Enlightenment is nothing. Neither is reality really, so it’s a mutual exclusion, but the point is that nothing ever said, written, or done has helped mankind to achieve enlightenment. And there’s a good reason why. All you have to do is take into account what every other “enlightenment” thinker has ever said to come to the inevitable conclusion that not only is the world you live in an unreality but the words of other people are not even a part of an external source at all. Kant said, “Enlightenment is man’s emergence from his self-imposed nonage.” It’s not, because that is impossible. Descartes said, “I think therefor I am.” But he isn’t, and neither are we, because we think and still nothing exists (not even ourselves). La Mettrie tries to come to terms with both of these concepts, saying that, “In this territory, experience and observation should be our only guides.” But how can they be? Perception is intimately bound up in how the mind chooses to processes it. So then how can any experience understood through the veil of the senses be trusted as an accurate representation of reality? The answer is it can’t, and won’t ever be able to. The rest of these guys are more interested in the intricacies of this fabricated dreamworld we think exists, so what they have to say is totally irrelevant.
Because of the failure of perception to possibly ever give an accurate representation of reality so that the mind (or at least what we understand as the mind) can become an integrated part of the world it inhabits, we must then assume that the external world that we perceive through our senses is nothing more than a projection of the energy we understand as the mind processing inner stimuli in ways in which a consciousness can easily digest. The idea that this supposedly singular consciousness defines being (“I think therefore I am.”) is ludicrous because the only concept of being that we understand is that of a self fully constructed within an exterior world, one that is now understood to be a complete fabrication, a construction of logic to familiarize the mind with the concept of being real.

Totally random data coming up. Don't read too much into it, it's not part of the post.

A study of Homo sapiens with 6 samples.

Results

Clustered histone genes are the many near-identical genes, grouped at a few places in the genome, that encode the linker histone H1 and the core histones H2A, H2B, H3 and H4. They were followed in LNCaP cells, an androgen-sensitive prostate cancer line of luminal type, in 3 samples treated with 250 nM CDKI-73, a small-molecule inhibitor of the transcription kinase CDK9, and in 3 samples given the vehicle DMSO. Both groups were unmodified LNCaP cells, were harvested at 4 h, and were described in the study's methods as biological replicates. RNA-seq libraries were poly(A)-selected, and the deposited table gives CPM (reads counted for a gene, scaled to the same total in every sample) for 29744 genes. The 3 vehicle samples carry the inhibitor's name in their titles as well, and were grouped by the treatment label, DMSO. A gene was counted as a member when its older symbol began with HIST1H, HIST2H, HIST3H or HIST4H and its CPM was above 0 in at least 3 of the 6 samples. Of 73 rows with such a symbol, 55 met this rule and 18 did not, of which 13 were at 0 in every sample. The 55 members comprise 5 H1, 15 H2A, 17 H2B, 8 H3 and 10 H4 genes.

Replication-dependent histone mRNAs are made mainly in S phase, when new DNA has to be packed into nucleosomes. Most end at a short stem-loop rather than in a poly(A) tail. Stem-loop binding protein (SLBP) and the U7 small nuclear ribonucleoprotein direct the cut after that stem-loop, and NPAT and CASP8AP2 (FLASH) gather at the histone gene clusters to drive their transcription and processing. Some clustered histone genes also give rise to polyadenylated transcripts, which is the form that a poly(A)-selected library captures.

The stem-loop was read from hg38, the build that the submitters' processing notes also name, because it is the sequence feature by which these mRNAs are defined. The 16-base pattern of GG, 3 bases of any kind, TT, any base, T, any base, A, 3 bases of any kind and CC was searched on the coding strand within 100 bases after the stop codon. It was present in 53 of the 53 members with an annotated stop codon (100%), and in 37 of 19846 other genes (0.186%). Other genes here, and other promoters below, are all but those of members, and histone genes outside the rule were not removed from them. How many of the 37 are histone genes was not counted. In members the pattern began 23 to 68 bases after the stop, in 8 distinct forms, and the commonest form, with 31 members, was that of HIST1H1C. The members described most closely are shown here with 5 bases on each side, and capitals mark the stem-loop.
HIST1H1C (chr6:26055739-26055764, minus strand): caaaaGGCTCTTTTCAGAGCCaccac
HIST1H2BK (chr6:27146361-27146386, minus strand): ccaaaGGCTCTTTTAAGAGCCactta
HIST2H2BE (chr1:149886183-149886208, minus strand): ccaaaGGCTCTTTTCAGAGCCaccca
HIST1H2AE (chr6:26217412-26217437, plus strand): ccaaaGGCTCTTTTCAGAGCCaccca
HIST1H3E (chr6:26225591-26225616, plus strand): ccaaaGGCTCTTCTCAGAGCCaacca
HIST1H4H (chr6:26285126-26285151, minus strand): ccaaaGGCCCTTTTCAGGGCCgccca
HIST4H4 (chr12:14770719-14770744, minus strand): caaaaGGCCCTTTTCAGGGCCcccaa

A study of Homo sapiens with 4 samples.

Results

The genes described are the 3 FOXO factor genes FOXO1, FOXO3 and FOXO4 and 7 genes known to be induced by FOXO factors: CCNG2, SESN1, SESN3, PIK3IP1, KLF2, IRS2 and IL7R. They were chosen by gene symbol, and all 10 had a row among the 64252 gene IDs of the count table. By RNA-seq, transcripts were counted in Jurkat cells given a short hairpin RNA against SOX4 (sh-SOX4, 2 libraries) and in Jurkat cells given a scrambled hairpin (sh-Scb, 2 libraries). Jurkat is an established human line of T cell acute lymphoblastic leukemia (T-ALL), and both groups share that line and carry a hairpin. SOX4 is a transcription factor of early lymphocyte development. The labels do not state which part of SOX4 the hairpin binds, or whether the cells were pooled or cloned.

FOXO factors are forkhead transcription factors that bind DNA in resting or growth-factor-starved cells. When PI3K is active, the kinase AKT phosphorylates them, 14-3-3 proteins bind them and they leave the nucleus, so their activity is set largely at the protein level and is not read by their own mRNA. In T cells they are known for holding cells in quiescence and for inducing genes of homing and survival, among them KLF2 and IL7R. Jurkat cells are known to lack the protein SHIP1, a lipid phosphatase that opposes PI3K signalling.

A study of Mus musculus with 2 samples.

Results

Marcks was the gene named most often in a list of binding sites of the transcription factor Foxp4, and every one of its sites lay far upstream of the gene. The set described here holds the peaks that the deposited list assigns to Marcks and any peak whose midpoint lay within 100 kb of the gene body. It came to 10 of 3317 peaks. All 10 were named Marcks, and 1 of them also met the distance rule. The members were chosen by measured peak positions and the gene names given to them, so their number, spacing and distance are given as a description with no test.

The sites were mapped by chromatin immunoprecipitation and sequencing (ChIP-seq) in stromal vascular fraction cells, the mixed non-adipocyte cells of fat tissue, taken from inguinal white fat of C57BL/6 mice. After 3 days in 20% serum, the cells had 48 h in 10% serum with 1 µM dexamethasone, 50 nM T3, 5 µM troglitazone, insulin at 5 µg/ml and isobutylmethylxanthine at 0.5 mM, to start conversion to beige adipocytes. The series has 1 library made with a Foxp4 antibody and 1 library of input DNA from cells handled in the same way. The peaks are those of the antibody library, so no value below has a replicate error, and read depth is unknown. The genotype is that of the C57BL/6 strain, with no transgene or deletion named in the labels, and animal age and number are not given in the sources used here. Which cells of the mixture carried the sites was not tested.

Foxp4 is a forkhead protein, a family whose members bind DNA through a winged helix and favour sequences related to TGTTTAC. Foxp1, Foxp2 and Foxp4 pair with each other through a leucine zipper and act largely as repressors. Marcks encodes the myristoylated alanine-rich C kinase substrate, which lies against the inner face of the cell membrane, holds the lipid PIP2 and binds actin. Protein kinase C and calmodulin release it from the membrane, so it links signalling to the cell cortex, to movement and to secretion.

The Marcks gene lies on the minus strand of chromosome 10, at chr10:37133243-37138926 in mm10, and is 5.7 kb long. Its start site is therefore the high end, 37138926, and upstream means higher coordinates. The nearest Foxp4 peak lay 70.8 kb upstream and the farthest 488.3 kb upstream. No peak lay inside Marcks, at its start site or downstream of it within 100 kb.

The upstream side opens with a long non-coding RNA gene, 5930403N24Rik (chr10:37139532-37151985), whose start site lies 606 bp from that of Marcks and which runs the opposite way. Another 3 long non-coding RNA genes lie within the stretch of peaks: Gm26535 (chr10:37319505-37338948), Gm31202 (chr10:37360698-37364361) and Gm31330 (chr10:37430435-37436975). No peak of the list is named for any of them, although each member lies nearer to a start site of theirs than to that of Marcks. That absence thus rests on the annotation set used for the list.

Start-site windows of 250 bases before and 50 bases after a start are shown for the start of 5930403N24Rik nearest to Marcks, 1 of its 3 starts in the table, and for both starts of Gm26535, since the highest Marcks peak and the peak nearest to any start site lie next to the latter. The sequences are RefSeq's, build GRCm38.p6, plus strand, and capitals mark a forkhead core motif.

We see hints of this process throughout our constructed world (whatever our mind is, is not without a sense of humor (or whatever you call something like that that doesn’t derive from the human experience). We experience most of the world through constructed windows. We refer to it now as media, but all it really amounts to is books, movies, poems, songs. Anything that equates to an understood experience through the veil of a separate medium is basically a mirror into how our perception of our own constructed medium is consumed (we see the veil of perception through a window much like the glass of a TV screen).
And since we cannot understand the nature of being within the confines of this constructed world we call reality, then we cannot know if the presence behind our augmented perception is a singular entity or the amalgamation of many entities all working together to construct the exterior world. This would make sense though, because without the multiplicity of consciousness behind the construction of reality it would be rather difficult to represent the innumerable different ideas that derive from the synthesis of experience of the external world.
So, in conclusion, enlightenment is unacheivable because reality doesn’t exist. It is simply a projection of whatever force lies behind consciousness attempting to make a possibly singular entity come to terms with understand the universe through perception, hopefully so it can then begin to understand objective existence through a more intimate connection to exterior stimuli.